Coquilles St. Jacques - what DOES it mean?
Someone on the SF board asked for restaurants serving coquilles St. Jacques which led to a question ... what type of preparation ... all that 'coquilles St. Jacques' means is 'scallop' in French.
Well, until that comment, all coquilles St. Jacques meant to me for most of my life was what is defined in this link ...
"[koh-KEEL sahn-ZHAHK; koh-KEE sahn-ZHAK] Classically served in a scallop shell, this special dish consists of scallops in a creamy wine sauce, topped with breadcrumbs or cheese and browned under a broiler."
When I look at lots of recipes in English, that seems to be what gets repeated ... scallops, wine, cheese, cream, mushrooms ... although one recipe gussied it up using black chanterelles ... sounds like an idea
I did find a lot of cool trivia about 'coquilles St. Jacques'. Themost repeated story is that a knight was saved from drowning by St. James. The knight emerged from the water, covered with shells ... and so the phrase "shells of St. James" also emerged.
Even found a recipe on a Catholic website that said since July 25th is St. James day, what better day to eat the dish
Other foods to eat on St James Day
"whoever consumed oysters on the day would not go without money for the year"
But I digress.
This really cool blog by someone living in France says that coquilles St. Jacques are a specific variety of scallop which is why menus specify that variety. Check out the other food links on the blog like markets. Very interesting info.
He mentions an old cookbook he has called ' La Cuisine du poisson' where there are 10 preparations of coquilles St. Jacques.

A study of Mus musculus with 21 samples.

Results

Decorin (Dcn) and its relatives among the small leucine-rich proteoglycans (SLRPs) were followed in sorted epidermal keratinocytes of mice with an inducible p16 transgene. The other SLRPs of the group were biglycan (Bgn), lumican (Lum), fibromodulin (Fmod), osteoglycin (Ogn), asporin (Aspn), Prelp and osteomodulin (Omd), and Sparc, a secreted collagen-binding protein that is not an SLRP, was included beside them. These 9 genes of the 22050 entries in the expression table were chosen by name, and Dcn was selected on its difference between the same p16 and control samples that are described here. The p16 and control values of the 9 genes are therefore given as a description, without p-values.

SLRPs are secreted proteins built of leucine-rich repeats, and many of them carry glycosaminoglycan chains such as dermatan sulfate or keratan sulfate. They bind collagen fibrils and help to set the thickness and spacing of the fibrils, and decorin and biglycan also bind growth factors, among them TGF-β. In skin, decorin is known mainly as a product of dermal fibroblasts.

So, I would think if you said coquilles St. Jaques in any Enlish-speaking country ... there's a classic prep in mind and no further explanation necessary. While the only country that the preparation would need to be specified is in France.
Correct or incorrect?
Gratuitous link about scallops in general
And some food-related trivia from the above link ... i never knew all this stuff about scallops before ...
"The pilgrim also carried a scallop shell with him and would present himself at churches, castles, abbeys etc. where he could expect to be given as much sustenance as he could pick up with one scoop. Probably he would be given oats, barley perhaps beer or wine. Thus even the poorest household could give charity without being overburdened"
Interesting modern pilgrimages, scallops and St. James Day
I think you're right about France being the one place where you'd need to specify preparation. When we were at a very nice seafood place between Nice and Monte Carlo, I was a bit surprised to be served a scallop dish I did not recognize, after having ordered Coquilles St-Jacques, though it was terrifically good, and then later I noted that some of my French cookbooks do in fact use that term to describe the scallop itself. Of course, I haven't travelled through very many countries looking for scallops, though if anyone wanted to subsidize this research I'd be happy to accept the burden...
Very interesting info on this dish, who knew it had such history. Many years ago I copied the name of this recipe from one of my books onto a little chalkboard to stand next to my "chef Pierre pig" that was popular many years ago. Coquilles Saint-Jacques au Cavier (sic, French spelling?) was the dish. I never tried it, now I think I will...good post rworange
Coquilles St. Jacques meaning scallops made me start. In German they are "Jakobsmuscheln"--litterally "James shells"--which is litterally "coquilles St. Jacques." I also thought this name has to do with the mideaval pilgrims taking the Road of St. James to the Shrine of St. James in Santiago de Compostela in Galicia, Spain (again, Santiago or San Diego means St. James). Galicia is a region famous for scallops, too.